Financial professionals pride themselves on the idea that they can outperform index funds. Yet some pros have apparently decided that if they can't beat the indexes, they'll join them -- with a twist.

The idea behind index funds is simple -- develop an index that fairly represents the broad market or narrow sector or industry in which you want to invest, and then spread your investment dollars across all the stocks in the index. Investors who use index funds can make their financial lives much less complicated, with little effort beyond making regular contributions and following the results.

Enhancing the index?
However, innovation demands new products from financial services companies. In exchange-traded funds, the latest craze, investors who want to match traditional index funds can already use large, well-established index-based ETFs like the S&P 500-tracking SPDR Trust (AMEX:SPY), or Spiders, and the tech-heavy Nasdaq 100 Trust (NASDAQ:QQQQ). As a result, new ETFs have to add a new dimension to the traditional index fund to compete.

Enter WisdomTree. This tiny new money manager has made a big splash in the ETF world by offering index funds with a different philosophy. Rather than using a weighted index based on the market cap of the component stocks, WisdomTree ETFs base their portfolio allocations for index components on fundamental aspects of those stocks, such as dividend yield and company earnings. This results in some big differences from the weights that traditional index funds use, as you can see below.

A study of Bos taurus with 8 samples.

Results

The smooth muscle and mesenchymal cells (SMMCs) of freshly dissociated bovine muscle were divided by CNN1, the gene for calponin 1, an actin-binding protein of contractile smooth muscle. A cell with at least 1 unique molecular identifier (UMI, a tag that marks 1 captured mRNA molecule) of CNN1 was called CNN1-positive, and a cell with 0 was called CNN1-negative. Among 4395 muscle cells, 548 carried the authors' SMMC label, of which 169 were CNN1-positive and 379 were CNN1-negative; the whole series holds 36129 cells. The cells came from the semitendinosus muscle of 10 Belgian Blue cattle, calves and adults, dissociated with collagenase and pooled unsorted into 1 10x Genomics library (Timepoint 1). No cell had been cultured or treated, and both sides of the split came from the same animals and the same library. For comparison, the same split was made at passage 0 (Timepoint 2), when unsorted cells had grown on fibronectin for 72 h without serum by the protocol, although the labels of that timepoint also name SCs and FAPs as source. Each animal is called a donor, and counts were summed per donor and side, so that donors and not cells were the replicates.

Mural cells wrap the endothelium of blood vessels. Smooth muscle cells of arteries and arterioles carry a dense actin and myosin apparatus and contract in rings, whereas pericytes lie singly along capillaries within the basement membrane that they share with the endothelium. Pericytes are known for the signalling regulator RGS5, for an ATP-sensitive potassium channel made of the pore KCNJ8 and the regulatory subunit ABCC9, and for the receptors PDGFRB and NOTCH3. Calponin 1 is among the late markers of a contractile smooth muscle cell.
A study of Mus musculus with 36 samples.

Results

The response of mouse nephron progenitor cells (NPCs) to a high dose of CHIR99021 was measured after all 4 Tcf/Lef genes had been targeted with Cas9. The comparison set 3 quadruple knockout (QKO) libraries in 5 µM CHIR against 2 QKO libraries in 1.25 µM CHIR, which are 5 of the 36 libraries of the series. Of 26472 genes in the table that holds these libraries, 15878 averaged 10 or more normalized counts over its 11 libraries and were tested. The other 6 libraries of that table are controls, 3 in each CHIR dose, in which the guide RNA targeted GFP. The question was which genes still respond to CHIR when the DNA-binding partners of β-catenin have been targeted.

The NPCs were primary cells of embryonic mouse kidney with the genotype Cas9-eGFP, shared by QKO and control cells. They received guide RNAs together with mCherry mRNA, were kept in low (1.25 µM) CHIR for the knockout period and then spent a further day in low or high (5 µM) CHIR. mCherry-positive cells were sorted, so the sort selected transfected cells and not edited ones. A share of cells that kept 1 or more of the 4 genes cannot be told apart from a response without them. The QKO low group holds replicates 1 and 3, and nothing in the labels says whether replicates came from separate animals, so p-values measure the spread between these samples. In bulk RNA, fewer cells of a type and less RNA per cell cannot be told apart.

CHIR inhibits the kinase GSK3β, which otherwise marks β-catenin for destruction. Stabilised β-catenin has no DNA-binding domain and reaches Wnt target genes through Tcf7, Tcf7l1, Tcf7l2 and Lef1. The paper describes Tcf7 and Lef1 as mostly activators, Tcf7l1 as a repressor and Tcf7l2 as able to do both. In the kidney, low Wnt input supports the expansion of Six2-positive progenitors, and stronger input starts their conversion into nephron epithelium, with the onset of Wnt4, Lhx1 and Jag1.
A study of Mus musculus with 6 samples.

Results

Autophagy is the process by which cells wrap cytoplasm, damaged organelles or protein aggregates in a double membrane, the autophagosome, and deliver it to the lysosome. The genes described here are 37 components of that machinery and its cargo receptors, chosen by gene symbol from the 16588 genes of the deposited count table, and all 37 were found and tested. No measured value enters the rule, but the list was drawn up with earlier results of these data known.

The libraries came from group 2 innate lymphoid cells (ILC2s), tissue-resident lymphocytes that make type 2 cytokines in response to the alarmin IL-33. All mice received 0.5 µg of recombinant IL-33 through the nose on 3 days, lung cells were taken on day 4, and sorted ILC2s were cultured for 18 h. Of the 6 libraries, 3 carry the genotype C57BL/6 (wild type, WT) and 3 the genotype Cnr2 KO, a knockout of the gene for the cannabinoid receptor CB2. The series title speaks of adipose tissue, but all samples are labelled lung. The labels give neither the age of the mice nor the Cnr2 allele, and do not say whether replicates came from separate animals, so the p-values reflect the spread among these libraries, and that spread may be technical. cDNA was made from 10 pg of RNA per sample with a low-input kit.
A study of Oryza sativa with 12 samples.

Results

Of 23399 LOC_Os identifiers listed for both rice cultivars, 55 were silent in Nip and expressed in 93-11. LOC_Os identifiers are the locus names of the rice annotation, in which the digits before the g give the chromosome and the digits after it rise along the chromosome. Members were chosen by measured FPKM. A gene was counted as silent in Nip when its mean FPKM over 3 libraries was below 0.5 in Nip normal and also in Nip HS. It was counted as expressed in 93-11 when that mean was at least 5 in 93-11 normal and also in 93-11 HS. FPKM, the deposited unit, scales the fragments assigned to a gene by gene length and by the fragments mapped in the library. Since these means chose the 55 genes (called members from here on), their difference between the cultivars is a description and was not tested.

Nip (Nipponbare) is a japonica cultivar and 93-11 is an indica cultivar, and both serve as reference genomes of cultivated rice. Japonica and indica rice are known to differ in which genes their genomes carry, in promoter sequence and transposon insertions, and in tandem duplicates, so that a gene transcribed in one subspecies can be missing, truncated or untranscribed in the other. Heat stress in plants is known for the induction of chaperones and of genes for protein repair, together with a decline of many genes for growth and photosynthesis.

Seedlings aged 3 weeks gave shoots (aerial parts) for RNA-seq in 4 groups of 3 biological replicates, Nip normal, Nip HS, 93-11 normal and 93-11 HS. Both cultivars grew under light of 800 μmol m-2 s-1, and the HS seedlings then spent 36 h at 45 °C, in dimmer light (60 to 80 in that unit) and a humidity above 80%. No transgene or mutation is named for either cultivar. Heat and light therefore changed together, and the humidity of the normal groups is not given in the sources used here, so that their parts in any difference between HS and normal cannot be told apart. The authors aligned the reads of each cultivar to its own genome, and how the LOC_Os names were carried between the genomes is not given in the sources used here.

Weight in Vanguard 500 Index Fund

Weight in WisdomTree Earnings 500 Index

Weight in Wisdom Tree Large-Cap Dividends Index

ExxonMobil (NYSE:XOM)








Wal-Mart (NYSE:WMT)




Goldman Sachs (NYSE:GS)




News Corp. (NYSE:NWS)




Sources: WisdomTree, Vanguard.

Nothing new under the sun
Yet this isn't the first time that fund managers have sought to tweak indexes to get better returns. Funds like the Morgan Stanley Equally Weighted S&P 500 (FUND:VADAX) have existed for years, rejecting the market-cap weighted method in favor of investing the same amount of money in all 500 stocks in the index. That basic strategy has done exceedingly well in recent years, outperforming both during the bear market of 2000 to 2002 and the ensuing bull market, as the largest companies in the S&P 500 haven't done as well as their somewhat smaller counterparts.

It's way too early to conclude whether WisdomTree's new ETFs will enjoy the same high performance. Although the manager has back-tested its strategies with positive results, only time will tell if making modifications to market indexes based on earnings and dividends will bring success to investors.